The Museum of Army Flying is on the edge of Middle Wallop airfield in Wiltshire which is still an active army field. The museum covers history going back to RFC days and is primarily under cover with just a couple of exhibits outside. Since army flying has typically been of a spotting nature the majority of exhibits consist of light aircraft and helicopters although there is also a good section on the now defunct glider unit and their operations in WWII. The entrance fee appears to give unlimited access to the museum over the following 12 months. Visited in July 2015.


Manston History Museum is located next door to the Spitfire and Hurricane Museum. A deceptively spacious museum it houses several full size airframes together with cockpit sections, various artefacts and dioramas. As of July 2015 it is only £2 to enter and is certainly worth a visit.


Boscombe Down Aviation Collection can be found in Hangar 1 at Old Sarum airfield. It has a small car park right next to the airfield and control tower. There are several original buildings from WWI still in use as part of a small business park and the museum is within this area. Through the summer it is open form 10 to I except for Mondays when it is closed. Winter opening is generally weekends only. The are several full size aircraft on display, with odd visitors in the active area of the hangar, and also a number of cockpit sections most of which you are permitted to sit in. Certainly worth a visit. Pictures from July 2015.


The Muckleburgh Collection can be found on the coast in Norfolk, being part of the former Weybourne Army Camp. It operates seasonal opening along with other times such as school half term which is when we visited in February 2016. Primarily the collection is of military vehicles and artefacts but there are displays on air reconnaissance, WWI air war, some crash recovery items as well as incorporating a couple of air frames so just about appropriate to this site! There is a good size café on site with a reasonable selection of snacks and hot food.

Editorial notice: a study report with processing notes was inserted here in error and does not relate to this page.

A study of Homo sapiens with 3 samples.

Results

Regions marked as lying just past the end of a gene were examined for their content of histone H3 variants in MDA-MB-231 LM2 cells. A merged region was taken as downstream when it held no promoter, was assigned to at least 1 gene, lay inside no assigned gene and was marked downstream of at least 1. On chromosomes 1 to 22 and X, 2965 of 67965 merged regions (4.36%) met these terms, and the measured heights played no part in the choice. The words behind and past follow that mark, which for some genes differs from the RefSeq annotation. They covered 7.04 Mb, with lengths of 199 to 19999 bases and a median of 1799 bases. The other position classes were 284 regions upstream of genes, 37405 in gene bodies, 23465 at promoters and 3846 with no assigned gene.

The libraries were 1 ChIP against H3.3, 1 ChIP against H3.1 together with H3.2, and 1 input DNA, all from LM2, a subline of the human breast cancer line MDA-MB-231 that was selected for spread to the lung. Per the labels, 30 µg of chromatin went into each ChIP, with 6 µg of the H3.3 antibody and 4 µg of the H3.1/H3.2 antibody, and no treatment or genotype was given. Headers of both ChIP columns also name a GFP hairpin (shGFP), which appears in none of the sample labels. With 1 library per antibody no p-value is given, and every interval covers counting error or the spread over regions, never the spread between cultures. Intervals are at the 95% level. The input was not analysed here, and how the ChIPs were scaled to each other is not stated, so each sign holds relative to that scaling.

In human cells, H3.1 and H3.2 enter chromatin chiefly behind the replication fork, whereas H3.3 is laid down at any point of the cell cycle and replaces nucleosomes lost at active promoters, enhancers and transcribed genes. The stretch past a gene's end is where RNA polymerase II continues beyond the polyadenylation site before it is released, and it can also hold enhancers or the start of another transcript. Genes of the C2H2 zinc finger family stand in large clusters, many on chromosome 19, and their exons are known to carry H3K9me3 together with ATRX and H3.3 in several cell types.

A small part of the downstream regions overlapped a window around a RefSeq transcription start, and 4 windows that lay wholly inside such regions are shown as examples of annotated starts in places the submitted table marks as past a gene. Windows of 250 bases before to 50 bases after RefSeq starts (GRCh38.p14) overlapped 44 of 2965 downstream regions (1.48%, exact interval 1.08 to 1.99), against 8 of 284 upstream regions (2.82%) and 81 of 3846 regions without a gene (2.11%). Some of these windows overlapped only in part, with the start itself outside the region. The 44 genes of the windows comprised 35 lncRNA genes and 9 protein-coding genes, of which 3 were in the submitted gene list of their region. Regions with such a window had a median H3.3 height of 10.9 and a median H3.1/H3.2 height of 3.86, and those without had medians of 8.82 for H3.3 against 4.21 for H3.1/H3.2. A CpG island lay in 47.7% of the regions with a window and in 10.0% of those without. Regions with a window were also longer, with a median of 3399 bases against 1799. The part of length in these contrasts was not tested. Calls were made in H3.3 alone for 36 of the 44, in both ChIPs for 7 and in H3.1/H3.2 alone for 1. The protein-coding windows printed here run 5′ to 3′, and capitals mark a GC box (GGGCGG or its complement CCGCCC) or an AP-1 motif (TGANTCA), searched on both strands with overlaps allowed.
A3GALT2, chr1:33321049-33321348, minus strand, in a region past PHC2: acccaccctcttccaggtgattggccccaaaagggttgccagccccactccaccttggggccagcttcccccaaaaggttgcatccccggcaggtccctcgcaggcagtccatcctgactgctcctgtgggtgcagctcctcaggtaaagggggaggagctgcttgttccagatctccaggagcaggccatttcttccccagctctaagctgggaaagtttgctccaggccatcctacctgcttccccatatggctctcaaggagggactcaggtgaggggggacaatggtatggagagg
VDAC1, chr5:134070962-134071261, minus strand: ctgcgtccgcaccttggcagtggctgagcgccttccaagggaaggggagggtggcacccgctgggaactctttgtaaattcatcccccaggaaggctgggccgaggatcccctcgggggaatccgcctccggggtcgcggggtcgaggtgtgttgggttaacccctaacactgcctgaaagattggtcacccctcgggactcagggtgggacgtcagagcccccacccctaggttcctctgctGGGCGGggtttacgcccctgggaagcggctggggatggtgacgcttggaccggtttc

Bentley Priory in North London was a former mansion house acquired by the Air Ministry in 1926. Following its creation ten years later Fighter Command moved in to the priory as its HQ under Hugh Dowding and the RAF remained until 2008. Today the house has been converted in to a museum commemorating Fighter Command and the Battle of Britain in 1940. The continued occupation by the RAF means there is little remaining in terms of how the building was in 1940 but displays, artefacts, and videos, as well as a recreation of the Filter Room explain the important role that the HQ played in 1940 and beyond. A replica Spitfire and Hurricane are mounted outside the museum which sits within the grounds of a private housing development. More details on their website. Pictures from a visit in March 2016.


Uxbridge Operations Room or Battle of Britain Bunker as it is also known was the operations room of 11 Group Fighter Command during world War II. It became opearational literally days before the outbreak of the war and for protection from attack was built 60' below ground. It was part of the world's first intergrated defence system, inspired by Sir Hugh Dowding, and included the chain home radar stations. Using a simple colour coded sytem that tied in real time with the plotting table and the 'tote' bolard on the wall, fighter command were able to build a picture of incoming attacks and availability of RAF fighters and take appropriate action. In no small part this enabled 'The Few' to successfully defend Great Britan from the Luftwaffe and the pending theat of invasion in 1940. I was part of an organised group visit in March 2016 but please note that opeing times are restricted although this may change once the local council acquires the site from the MoD.